Coming Back to the Church, Part 1
How to Come Back to the Church
For many people who have left the Catholic Church, they begin to feel a nudge—something pulls them back toward the Church. There are many reasons people may have left the Church. Some have disagreed with Church teachings. Others may have experienced harm from other Catholics. Still others have simply drifted away and fallen out of the habit of going to Mass. But the common thread is the feeling that there is something missing, and that feeling draws them back to the Catholic faith. That is no accident. Each person has a unique, unrepeatable part in God’s plan, and He never stops calling His children back to Him.
If you have been away from the Church (whether for a short time or for many years), it can seem intimidating to come back. Common fears include judgment, being unfamiliar with liturgical changes, feeling out of place, and simply not knowing the practical steps of what to do to come back. While these fears are certainly understandable, they are not true impediments to returning to the Church. In reality, Catholics are overjoyed to welcome you back and are ready to help you make the transition.
If you are thinking about returning to the Church, try following these steps:
1. Find your parish.
If you have not been to church in a while, you might not be sure what parish you should go to or what time Mass is celebrated. The first step is to find your parish. It can be helpful to visit the parish’s website before you go to Mass so that you can confirm Mass times and get acquainted with the community. Some parish websites even have pages dedicated to returning Catholics.
2. Go to confession.
Going to confession is a good spiritual habit for any Catholic, but it is an especially important step for someone returning to the Church. Find out when your parish has confession, and make it a priority. When you go, tell the priest what your situation is and that you want to come back to the Church. He will help you figure out what to do next. If you need a refresher on going to confession, you can read our Confession Guide or learn about how to go back to confession.
3. Attend Mass.
One of the best things you can do to reacquaint yourself with the faith is to go to Mass. If you have not been to Mass in a while, some things may be different. For example, the implementation of the new Roman Missal from 2011 means that some of the prayers and responses have changed (you can learn about these changes in our series of short videos called The New and Eternal Word). You can still participate in the Mass, however. Most churches have books and/or prayer cards so that you can follow along with the prayers and responses and know when to sit, stand, or kneel. As you keep going to Mass, you will become more comfortable with the liturgy. If you are nervous about going to Mass, try starting by watching the CatholicTV Mass.
4. Evaluate where you stand with the sacraments.
The sacraments are a beautiful and unique gift in our faith, and receiving them will do amazing things for your spiritual life. If you have begun by returning to confession, you have already received one of the sacraments. Your faith will flourish when you receive more sacraments. If you have already made your First Communion and you are in a state of grace, receive the Holy Eucharist again at Mass. If you left the Church before making your Confirmation, sign up for your parish’s RCIA (Rite of Christian Initiation of Adults) program to begin preparing for this sacrament.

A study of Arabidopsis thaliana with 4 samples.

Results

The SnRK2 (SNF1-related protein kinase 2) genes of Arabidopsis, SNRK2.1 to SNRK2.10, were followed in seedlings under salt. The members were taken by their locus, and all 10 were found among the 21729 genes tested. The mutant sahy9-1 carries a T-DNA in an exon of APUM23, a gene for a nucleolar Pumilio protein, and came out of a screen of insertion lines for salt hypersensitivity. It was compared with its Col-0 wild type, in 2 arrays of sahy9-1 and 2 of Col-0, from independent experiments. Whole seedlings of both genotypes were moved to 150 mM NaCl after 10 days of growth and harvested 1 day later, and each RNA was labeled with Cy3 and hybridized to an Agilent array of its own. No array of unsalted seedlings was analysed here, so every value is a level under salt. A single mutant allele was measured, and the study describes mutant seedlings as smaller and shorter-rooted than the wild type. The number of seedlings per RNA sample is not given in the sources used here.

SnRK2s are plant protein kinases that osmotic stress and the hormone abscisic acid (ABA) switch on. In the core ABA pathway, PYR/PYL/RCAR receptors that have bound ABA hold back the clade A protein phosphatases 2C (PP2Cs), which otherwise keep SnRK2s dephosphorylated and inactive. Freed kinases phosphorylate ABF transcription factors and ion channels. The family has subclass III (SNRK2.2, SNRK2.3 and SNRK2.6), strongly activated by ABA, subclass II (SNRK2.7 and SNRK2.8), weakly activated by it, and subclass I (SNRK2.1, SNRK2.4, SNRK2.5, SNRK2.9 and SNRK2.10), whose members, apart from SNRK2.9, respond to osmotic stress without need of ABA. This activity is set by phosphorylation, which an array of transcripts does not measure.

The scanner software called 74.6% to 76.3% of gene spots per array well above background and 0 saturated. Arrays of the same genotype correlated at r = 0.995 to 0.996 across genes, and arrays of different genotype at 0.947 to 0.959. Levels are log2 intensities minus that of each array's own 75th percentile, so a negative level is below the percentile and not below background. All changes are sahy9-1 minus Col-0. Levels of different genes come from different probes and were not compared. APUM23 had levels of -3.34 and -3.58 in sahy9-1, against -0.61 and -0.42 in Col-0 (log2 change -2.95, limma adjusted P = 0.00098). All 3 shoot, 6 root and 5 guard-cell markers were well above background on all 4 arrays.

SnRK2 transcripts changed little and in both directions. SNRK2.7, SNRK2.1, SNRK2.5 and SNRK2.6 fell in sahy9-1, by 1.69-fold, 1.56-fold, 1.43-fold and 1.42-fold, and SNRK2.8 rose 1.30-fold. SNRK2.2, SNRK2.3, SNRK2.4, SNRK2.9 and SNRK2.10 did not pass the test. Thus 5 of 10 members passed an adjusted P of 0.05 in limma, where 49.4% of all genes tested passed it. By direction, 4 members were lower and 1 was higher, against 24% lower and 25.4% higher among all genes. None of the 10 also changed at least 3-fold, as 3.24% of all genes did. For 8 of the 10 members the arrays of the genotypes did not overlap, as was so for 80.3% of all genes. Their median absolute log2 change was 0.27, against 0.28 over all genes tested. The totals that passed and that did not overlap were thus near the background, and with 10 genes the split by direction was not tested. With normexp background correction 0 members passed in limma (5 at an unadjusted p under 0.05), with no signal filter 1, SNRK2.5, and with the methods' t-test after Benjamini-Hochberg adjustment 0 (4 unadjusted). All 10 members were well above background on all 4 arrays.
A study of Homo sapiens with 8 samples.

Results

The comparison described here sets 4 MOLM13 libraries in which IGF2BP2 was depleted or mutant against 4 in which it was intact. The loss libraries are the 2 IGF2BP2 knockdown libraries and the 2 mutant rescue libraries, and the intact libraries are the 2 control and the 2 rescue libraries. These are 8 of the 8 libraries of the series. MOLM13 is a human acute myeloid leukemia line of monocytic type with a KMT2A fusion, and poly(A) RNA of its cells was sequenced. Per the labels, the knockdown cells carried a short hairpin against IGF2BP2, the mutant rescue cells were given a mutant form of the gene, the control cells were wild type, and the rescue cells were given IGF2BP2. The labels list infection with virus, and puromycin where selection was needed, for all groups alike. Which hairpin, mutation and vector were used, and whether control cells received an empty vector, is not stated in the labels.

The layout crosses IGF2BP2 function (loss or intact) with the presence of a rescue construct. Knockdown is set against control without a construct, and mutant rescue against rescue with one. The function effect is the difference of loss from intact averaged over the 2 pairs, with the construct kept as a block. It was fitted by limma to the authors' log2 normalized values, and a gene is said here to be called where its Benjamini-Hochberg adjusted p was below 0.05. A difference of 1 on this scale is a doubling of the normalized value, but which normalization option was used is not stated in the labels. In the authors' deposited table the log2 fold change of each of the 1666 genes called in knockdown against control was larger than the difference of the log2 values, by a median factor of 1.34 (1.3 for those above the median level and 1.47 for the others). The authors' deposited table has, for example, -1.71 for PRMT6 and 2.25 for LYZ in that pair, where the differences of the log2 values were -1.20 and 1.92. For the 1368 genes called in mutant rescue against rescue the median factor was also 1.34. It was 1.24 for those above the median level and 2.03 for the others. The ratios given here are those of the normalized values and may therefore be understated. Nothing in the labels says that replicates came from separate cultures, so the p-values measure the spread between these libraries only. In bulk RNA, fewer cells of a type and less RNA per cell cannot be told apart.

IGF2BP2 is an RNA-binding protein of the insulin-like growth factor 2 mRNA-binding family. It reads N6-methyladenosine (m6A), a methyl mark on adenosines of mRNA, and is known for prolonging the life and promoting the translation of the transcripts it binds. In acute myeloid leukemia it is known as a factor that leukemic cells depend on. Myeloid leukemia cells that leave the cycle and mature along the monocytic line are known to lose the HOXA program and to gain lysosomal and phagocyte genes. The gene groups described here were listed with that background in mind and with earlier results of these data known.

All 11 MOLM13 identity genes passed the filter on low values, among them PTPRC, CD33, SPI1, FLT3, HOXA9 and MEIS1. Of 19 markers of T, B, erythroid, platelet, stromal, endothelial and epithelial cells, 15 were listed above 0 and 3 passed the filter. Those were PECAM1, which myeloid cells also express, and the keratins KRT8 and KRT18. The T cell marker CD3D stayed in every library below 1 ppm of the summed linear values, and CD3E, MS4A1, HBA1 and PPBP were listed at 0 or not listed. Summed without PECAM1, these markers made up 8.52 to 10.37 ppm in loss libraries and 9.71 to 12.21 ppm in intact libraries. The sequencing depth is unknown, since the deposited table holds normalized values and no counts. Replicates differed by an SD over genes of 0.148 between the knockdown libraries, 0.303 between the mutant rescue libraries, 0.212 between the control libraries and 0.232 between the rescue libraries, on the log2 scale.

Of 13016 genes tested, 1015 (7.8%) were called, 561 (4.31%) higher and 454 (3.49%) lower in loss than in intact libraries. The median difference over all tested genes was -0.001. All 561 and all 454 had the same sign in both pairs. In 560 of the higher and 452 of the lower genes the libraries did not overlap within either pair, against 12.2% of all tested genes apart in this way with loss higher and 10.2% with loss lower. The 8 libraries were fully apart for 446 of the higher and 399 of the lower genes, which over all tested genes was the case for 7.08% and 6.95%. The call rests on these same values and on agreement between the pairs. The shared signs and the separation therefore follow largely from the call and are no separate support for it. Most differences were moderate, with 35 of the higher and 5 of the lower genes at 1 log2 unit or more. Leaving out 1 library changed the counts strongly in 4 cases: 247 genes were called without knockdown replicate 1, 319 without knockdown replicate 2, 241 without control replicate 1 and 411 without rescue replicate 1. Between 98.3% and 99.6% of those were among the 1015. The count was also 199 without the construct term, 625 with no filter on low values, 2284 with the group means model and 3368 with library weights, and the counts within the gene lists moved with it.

5. Engage with a community.
Joining a faith community is an essential part of returning to the Church for many people. A community not only holds you accountable for your decision to come back to the faith, but also provides you the support and fellowship you need to strengthen you on the journey. Your fellow Catholics believe that you don’t have to do this alone, and they want to help you. In some areas, there are groups specifically for Catholics returning to the faith. Even if your area does not have such an organization, you can still get involved with groups in your parish to build community. Options include Bible studies, community service groups, and social organizations.
6. Start building your prayer life.
Being a Catholic means more than just going to Mass on Sunday. Your faith is the foundation of your whole life. At first, this can seem like an overwhelming change to make. But if you start by gradually building your prayer life, you will notice changes that make it easier to transform your life step by step. No one expects you to become a perfect Catholic overnight. If you commit yourself to prayer, though, you will begin to see your faith bearing fruit in your life.
7. Do some spiritual reading.
Try to spend a few minutes each day doing spiritual reading to feed your mind with spiritual nourishment. Scripture is an excellent place to start. You can also try the writings of the saints or other faithful Catholics. Some modern books you might want to try include Rediscover Catholicism by Matthew Kelly, Something Other Than God by Jennifer Fulwiler, and Returning Home to Your Catholic Faith by Sally Mews.
8. Read the Catechism.
The Catechism of the Catholic Church is an invaluable resource for learning about the faith. It summarizes the Church’s teachings in a way that is concise and accessible. If you have a question about the faith, it is almost certainly answered in the Catechism.
If you are ready to return to the Church, or even just thinking about it, please know that you are in our prayers. As you continue your journey, you will find a helpful resource in Catholics Come Home.
Watch for Part 2 of our series on coming back to the Church, coming next Friday, on how to help your loved ones return to the Church.